A child’s room is rarely a tidy one, and if anything, it only gets worse as they get older.
Certainly, new research by Habitat (habitat.co.uk) has found almost half (41%) of parents say tidying their kid’s room is their biggest bugbear – yet one in 10 continue to do it, simply because it looks good on social media and for guests.
Despite the fact that many children’s bedrooms look like a bombsite most of the time, Habitat found that, on average, parents spend £729 per family on their children’s bedrooms every year – more than they spend on their own master suites (£704), spare room (£512) and the dining room (£649).
Habitat Kids spokesperson Emma Worrollo, a play expert from The Playful Den (theplayfulden.com), which runs a community, blog and courses to help encourage parents and children to be more playful, puts parental investment in children’s rooms down to an increased understanding of the link between play and wellbeing, as well as them wanting to keep kids inspired for longer, after 18 months of being forced to stay at home during the pandemic.
And The Mummy Concierge Tiffany Norris (themummyconcierge.com), who aims to help mothers figure out the best – and most stylish – way through pregnancy and motherhood. says: “Furnishing your child’s bedroom can be incredibly fun, but also daunting. There’s so much to think about – from colour schemes and safety to themes – and these need to appeal to you as an adult, as well as to your child.”
Here, Worrollo and Norris give their tips for creating a stylish bedroom that’s easier for parents and kids to keep tidy…
1. Safety is paramount
Norris stresses that safety should come before anything else in a child’s bedroom. “Always consider safety when it comes to your child’s bedroom – make sure chests of drawers are attached to walls,” she stresses.
2. Observe their play and design with it
Go with the play-flow to both help with organisation and improve creative play, advises Worrollo. “Take a step back and really tune into how your child likes to play. If they’re old enough, ask them about their space and what they love to do in it,” she suggests. For example, if they like lining things up, you could put up some small shelves – at their height – for them to line their toys up on, and tidy for you. If your child is more active, make use of shelving again. “Get things up and off the floor, and trade toys for floor cushions, to give them more room to be active,” she says.
3. Look from a child’s point of view
If you want to encourage your child to help tidy up, it needs to make sense to them, explains Worrollo. “Get onto their level and work out a basic organisation system that’s within their reach and easy for them to comprehend,” she advises. “Talk about tidying in a playful way, using terms like ‘toy homes’ or ‘toy dens’, rather than making it sound like a chore.”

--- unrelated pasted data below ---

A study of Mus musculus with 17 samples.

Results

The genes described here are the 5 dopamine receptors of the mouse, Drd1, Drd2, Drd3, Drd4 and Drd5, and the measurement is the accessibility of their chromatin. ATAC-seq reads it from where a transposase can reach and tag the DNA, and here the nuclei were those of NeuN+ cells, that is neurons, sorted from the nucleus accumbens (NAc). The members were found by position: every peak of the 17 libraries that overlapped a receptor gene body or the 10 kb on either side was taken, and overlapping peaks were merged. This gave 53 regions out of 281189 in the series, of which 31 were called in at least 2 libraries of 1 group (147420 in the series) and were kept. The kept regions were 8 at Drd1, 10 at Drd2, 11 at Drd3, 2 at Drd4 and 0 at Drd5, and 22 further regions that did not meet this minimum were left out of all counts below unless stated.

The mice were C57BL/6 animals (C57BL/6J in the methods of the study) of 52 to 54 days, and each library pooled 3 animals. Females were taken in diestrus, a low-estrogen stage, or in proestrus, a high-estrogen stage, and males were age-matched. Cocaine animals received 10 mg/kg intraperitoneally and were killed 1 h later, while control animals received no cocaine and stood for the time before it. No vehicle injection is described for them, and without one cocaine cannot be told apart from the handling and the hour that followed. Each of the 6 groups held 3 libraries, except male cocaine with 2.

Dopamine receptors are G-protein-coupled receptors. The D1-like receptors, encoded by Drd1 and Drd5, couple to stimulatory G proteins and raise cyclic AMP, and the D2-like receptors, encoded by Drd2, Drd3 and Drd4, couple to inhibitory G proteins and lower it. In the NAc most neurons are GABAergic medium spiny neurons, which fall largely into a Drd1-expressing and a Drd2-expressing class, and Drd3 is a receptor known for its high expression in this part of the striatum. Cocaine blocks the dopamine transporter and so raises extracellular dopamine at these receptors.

4. Consider adhesive wallpaper
When it comes to décor, Norris recommends parents use a ‘stick and peel’ wallpaper to make life easier for themselves, and keep kids happy as their tastes change as they grow. “It’s easy to apply, and means when your child gets bored of one design a few years on, it’s easy – and inexpensive – to change,” she says.
5. Make use of walls
“Walls are your friend,” says Worrollo, who suggests putting up accessible bookshelves, hooks and whatever else works to spread out the organisation options. “Too much bulky storage concentrated around the floor is going to overwhelm the room quickly,” she warns.
6. Try a whiteboard wall
To reduce the use of bits of paper that usually end up on the bedroom floor, you could turn one of the walls into a blackboard or whiteboard, so your child can write things on it, such as homework reminders, sums, spellings or times-tables, and books they’d like to read, advises Norris.
7. Decorate the bedroom ceiling
If you and your child have contrasting opinions about how you want the room to look – they want a space theme whereas you want something more subtle – compromise by decorating the ceiling, suggests Norris. “You could add stars and moons on the ceiling, so when your little one lies in bed they can see it, whereas the rest of their room could be a lovely shade of pantone blue,” she says.
8. Create a work space
We all like our own space, especially older children and teens, so make sure you have an area in their room for a desk, where they can keep all their school bits tidy (in theory) and a lamp. “Let them help you choose the style of their work space, so they enjoy sitting there,” advises Norris.
9. Make display zones
If a child builds a model or makes a piece of art – which Worrollo describes as “a little piece of their play soul” – think about reserving some areas of their room for display purposes, she suggests. This could be a rail with clips that art can be hung from and, if you have space, a display cabinet or shelf for models can feel really special, she says. “While it might not be possible to keep all of these things forever, it’ll mean a lot to your child that you see value in their creations – and you’ll have somewhere to put things when tidying.”
10. Small things equal small storage
For older children who collect and play with toys that have micro pieces, use portable containers that have a variety of compartments. “Sorting and organising is a play pattern in itself,” says Worrollo,”so with the right tools, your kids might fall in love with taking care of their collections.”